Legislation introduced by State Rep. Jack Hennessy that seeks to “prohibit municipal employees from serving on any governmental body charged with preparing the municipal budget except when authorized by charter or home rule ordinance” now has official language and is expected to be voted on this week by the legislature’s Planning and Development Committee. The bill, if passed, would validate language in Bridgeport’s City Charter that bars city employees from serving on the City Council. Hennessy’s trying to close a loophole in state law that allows it.
Hennessy’s bill is now co-sponsored by Democratic State Rep. Auden Grogins, as well as suburban Republican members of the State House, Tony Hwang, Brenda Kupchick and Terrie Wood.
State and municipal union leaders have forged an intensive effort to kill the bill, leaning on members of the Democratic-controlled legislature who rely on union support for their elections. The Bridgeport City Council approves union contracts.
Hennessy says if the bill is enacted it shall take effect October 1. Hennessy tells OIB that Board of Education “employees will still be able to serve on the city council if HB 5724 were to pass” covering the five city employees on the city’s legislative body, Tom McCarthy, Warren Blunt, James Holloway, Richard Bonney and Richard Paoletto. It would not impact, for instance, Michelle Lyons, an employee of the Board of Education, who is not a mayoral appointee.
Supporters of the bill maintain this is a good government initiative that would eliminate conflicts of interest such as City Council members voting to approve their wages and benefits. Even if the bill is voted out of committee it still faces an uphill battle for passage from union opposition.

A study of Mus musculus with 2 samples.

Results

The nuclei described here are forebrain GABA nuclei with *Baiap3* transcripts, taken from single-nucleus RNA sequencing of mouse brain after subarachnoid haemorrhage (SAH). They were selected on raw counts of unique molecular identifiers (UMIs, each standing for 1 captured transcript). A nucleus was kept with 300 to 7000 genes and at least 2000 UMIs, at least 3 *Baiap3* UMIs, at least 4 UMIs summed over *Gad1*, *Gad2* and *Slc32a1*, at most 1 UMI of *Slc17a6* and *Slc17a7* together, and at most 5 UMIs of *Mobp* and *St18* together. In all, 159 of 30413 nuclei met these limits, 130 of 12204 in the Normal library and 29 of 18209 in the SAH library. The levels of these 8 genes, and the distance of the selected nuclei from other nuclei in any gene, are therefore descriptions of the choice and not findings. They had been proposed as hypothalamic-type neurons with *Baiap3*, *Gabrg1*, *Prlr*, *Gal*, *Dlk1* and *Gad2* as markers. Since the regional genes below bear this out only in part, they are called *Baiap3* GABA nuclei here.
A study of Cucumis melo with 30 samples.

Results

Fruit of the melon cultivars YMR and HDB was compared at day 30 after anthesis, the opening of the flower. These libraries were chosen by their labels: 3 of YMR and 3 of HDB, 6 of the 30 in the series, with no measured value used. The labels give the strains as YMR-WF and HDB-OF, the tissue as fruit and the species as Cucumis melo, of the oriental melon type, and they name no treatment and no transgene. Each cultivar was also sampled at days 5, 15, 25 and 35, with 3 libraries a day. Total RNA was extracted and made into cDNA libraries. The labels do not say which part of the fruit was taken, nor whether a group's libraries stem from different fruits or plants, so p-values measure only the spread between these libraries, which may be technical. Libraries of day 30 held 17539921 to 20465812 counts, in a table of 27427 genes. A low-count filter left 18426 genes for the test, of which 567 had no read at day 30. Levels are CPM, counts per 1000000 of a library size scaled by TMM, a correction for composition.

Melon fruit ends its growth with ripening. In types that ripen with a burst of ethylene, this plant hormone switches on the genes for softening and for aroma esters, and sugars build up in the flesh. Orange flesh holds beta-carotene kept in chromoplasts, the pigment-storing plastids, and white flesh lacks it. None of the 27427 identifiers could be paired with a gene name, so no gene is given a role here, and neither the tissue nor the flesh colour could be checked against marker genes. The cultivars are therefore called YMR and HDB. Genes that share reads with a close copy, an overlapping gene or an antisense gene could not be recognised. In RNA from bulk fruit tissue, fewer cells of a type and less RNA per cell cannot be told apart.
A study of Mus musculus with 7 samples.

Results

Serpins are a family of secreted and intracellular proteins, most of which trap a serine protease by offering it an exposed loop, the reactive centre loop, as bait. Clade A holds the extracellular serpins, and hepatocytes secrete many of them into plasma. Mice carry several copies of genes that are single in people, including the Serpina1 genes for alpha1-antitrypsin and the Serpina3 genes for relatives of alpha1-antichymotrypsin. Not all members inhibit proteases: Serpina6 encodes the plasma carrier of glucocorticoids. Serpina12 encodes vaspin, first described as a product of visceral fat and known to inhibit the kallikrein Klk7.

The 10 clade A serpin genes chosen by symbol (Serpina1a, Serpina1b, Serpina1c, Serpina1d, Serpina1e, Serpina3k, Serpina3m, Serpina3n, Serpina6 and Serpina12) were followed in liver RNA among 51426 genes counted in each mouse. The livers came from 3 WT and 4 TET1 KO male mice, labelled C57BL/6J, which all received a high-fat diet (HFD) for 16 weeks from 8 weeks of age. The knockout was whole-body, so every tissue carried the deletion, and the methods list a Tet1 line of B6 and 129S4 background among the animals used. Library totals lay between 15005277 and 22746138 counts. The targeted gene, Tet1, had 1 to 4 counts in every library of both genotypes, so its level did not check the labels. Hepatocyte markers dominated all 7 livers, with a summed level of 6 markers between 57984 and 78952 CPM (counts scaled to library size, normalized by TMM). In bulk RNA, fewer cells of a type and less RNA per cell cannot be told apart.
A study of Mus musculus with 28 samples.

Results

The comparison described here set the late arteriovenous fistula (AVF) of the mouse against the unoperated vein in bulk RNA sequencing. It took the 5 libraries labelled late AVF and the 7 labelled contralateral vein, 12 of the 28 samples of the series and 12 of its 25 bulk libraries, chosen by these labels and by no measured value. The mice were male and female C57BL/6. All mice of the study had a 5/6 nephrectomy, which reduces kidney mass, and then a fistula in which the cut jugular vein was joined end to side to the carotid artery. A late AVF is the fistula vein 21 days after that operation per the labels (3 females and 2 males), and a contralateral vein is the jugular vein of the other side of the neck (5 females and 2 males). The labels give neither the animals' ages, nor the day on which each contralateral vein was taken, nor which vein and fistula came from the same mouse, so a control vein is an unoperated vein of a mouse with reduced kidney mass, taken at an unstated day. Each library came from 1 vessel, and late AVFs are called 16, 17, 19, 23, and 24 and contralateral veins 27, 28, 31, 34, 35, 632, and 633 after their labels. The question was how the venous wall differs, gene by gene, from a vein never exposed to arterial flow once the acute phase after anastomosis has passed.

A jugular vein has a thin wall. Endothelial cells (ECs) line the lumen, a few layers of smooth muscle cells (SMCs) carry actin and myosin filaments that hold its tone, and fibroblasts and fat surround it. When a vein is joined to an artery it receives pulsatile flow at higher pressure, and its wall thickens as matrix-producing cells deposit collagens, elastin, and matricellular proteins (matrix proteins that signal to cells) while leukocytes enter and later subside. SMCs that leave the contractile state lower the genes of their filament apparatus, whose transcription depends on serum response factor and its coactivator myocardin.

Republican Party State Chair Jerry Labriola last week announced his support for the bill.
“Allowing municipal employees to serve on legislative body expands the political rights of those employees,” he said. “But, it also brings with it the potential for conflicts of interest when the Council acts on issues that include municipal budgets, salaries, union contracts and the oversight of the municipal agencies where those Council members are employed.
“Each municipality should be free to determine for itself how to deal with those potential conflicts. If the municipality chooses to prohibit employees from serving on their legislative bodies, as Bridgeport’s City Charter does, the legislature should respect that decision, rather than imposing its will on the community.”
Citizens Working for a Better Bridgeport, a newly organized neighborhood action group, has been urging the bill’s passage. So far only Hennessy and Grogins out of the city’s eight-member legislative delegation have announced support. State Senator Andres Ayala and State Rep. Ezequiel Santiago, a city employee, are publicly opposing the bill. State Senator Anthony Musto and State House members Don Clemons, Charlie Stallworth and Christina Ayala have so far taken a hands off position. This is a tricky position, in particular for Musto who represents the highest turnout areas of the city with a constituency largely in support of the bill. Musto fears alienation of Bridgeport political support if he supports the bill.
The full text of the proposed bill is here.